Another week, another roll.
And, another camera.
One of the aims of the project for me, along with shooting more often and getting better at processing and scanning, was to use some of the cameras that have been taking things easy in cardboard boxes in the garage.
Camera number 17 (and roll 48) is my lovely Зоркий-4 or Zorki 4. As I’m sure you’ll know, they’re a Russian rangefinder built near Moscow (specifically, and because I love how the cyrillic alphabet looks, at Красногорский механический завод or the Mechanical Factory of Krasnogorsk) in huge numbers, between 1954 and 1973.
It is a lovely thing to hold – getting on for a kilo of solid metal, glass and vulcanite. Using it can be tricky though. There’s no meter of course and the shutter speed can only be set AFTER the film has been advanced. Doing the reverse can damage the shutter permanently. Winding on is done with a knurled knob rather than a lever, something else that takes some getting used to.
And then there the rangefinder technique that you either get on with or you don’t and while the view is nice and bright, you see nothing like the full view caught by the lens. The lens focuses smoothly, once you realise the difference between the focus and aperture ring on the lens which are very similar.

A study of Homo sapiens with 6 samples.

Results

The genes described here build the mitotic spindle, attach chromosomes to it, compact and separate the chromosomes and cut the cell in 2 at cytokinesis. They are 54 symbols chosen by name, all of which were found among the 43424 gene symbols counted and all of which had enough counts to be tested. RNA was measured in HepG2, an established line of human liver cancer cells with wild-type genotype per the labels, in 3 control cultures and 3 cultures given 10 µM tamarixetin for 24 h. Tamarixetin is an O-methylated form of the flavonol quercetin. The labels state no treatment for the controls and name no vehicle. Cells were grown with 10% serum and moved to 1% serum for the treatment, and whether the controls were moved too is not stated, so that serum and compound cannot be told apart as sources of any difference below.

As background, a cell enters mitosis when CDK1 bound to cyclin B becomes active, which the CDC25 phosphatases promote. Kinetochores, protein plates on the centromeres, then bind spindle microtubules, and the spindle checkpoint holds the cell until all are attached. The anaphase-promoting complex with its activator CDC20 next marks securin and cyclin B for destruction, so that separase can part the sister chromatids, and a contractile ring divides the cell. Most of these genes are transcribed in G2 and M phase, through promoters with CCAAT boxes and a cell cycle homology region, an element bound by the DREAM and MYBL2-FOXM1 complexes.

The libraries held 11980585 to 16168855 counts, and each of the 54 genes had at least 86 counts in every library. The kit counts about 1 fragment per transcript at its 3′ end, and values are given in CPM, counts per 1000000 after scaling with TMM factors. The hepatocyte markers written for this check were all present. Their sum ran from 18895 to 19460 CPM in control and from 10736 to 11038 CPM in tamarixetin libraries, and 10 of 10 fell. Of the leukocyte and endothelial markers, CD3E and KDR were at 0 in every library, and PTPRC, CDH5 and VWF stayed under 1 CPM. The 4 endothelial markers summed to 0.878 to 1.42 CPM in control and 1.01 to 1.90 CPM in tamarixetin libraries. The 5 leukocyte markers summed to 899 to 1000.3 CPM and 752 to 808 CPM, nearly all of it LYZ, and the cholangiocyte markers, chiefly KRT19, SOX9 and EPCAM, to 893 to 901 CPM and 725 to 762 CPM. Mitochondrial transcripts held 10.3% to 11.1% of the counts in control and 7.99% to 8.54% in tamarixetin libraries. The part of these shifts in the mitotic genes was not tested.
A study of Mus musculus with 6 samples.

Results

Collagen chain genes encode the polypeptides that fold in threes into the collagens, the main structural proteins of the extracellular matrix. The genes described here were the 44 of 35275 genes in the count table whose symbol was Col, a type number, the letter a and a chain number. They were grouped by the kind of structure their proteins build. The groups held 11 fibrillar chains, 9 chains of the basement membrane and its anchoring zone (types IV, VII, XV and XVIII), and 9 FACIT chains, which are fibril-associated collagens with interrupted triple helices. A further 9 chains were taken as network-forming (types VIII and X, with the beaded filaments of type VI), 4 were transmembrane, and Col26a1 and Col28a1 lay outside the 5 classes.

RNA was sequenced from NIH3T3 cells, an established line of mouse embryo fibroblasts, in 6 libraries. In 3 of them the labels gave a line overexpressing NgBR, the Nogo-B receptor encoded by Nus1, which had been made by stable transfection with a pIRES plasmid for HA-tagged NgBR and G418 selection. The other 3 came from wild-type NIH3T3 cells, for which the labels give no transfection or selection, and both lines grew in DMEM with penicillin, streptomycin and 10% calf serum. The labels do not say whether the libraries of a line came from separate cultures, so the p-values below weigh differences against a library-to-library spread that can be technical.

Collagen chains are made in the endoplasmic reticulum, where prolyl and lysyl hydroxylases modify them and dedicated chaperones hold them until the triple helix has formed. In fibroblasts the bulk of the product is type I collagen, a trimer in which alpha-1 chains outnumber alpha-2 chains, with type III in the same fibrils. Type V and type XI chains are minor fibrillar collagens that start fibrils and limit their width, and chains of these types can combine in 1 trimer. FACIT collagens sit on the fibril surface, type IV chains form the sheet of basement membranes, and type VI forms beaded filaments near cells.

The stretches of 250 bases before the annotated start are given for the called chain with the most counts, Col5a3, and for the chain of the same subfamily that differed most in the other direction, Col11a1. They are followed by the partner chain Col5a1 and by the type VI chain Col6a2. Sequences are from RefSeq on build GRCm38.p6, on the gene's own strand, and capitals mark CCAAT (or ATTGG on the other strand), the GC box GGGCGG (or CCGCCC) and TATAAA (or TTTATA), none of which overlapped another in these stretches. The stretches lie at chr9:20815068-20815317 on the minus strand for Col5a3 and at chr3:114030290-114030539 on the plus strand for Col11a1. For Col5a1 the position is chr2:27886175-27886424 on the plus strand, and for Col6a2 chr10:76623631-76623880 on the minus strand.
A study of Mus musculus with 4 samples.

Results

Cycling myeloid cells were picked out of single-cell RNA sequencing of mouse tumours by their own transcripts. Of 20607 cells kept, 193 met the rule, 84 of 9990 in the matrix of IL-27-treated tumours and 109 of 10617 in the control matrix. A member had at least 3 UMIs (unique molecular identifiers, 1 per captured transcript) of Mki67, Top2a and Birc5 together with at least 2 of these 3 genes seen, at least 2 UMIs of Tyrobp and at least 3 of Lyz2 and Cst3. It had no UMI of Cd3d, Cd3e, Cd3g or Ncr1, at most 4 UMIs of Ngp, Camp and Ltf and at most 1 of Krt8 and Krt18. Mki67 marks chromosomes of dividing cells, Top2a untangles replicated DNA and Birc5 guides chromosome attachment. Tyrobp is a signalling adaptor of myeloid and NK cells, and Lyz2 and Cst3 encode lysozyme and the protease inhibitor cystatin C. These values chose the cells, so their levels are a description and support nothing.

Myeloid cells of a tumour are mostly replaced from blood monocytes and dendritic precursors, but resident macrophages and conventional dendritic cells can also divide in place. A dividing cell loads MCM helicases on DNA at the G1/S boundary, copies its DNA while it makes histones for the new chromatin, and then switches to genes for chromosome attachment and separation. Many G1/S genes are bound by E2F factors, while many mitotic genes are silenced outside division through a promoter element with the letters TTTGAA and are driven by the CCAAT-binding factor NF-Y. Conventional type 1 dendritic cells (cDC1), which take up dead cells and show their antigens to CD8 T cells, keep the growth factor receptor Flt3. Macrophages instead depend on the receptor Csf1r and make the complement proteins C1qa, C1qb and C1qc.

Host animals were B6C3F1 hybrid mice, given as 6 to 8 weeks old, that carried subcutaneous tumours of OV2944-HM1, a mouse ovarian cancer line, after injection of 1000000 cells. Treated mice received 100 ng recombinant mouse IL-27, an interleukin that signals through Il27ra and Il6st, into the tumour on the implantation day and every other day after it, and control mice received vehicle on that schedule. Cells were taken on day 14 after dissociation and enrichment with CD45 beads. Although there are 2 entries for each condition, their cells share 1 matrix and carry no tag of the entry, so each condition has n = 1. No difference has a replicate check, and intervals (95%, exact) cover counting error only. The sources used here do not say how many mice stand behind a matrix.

Once all that is done, it’s time to fire the shutter and that can be quite an event. Not on a Bronica scale of course, nothing is, but a surprisingly loud, metallic ‘snap’ for such a small body.
The results are fantastically analogue. Using Fujicolor c200, one of the cheapest films there is, probably helps. But that Jupiter-8 lens is nice and sharp as you can see below. Pretty good for a camera that is 52 years old and can be bought for peanuts (unless of course you shop on Lomography – they want £175!).
Pictures were taken on a mooch around Leicester in the sunshine, and include a few snaps of my favourite building in the city, the Charles Wilson.
Zorki 4, Fujifilm c200, processed and scanned by FilmDev.
To have a look through my previous rolls, click here.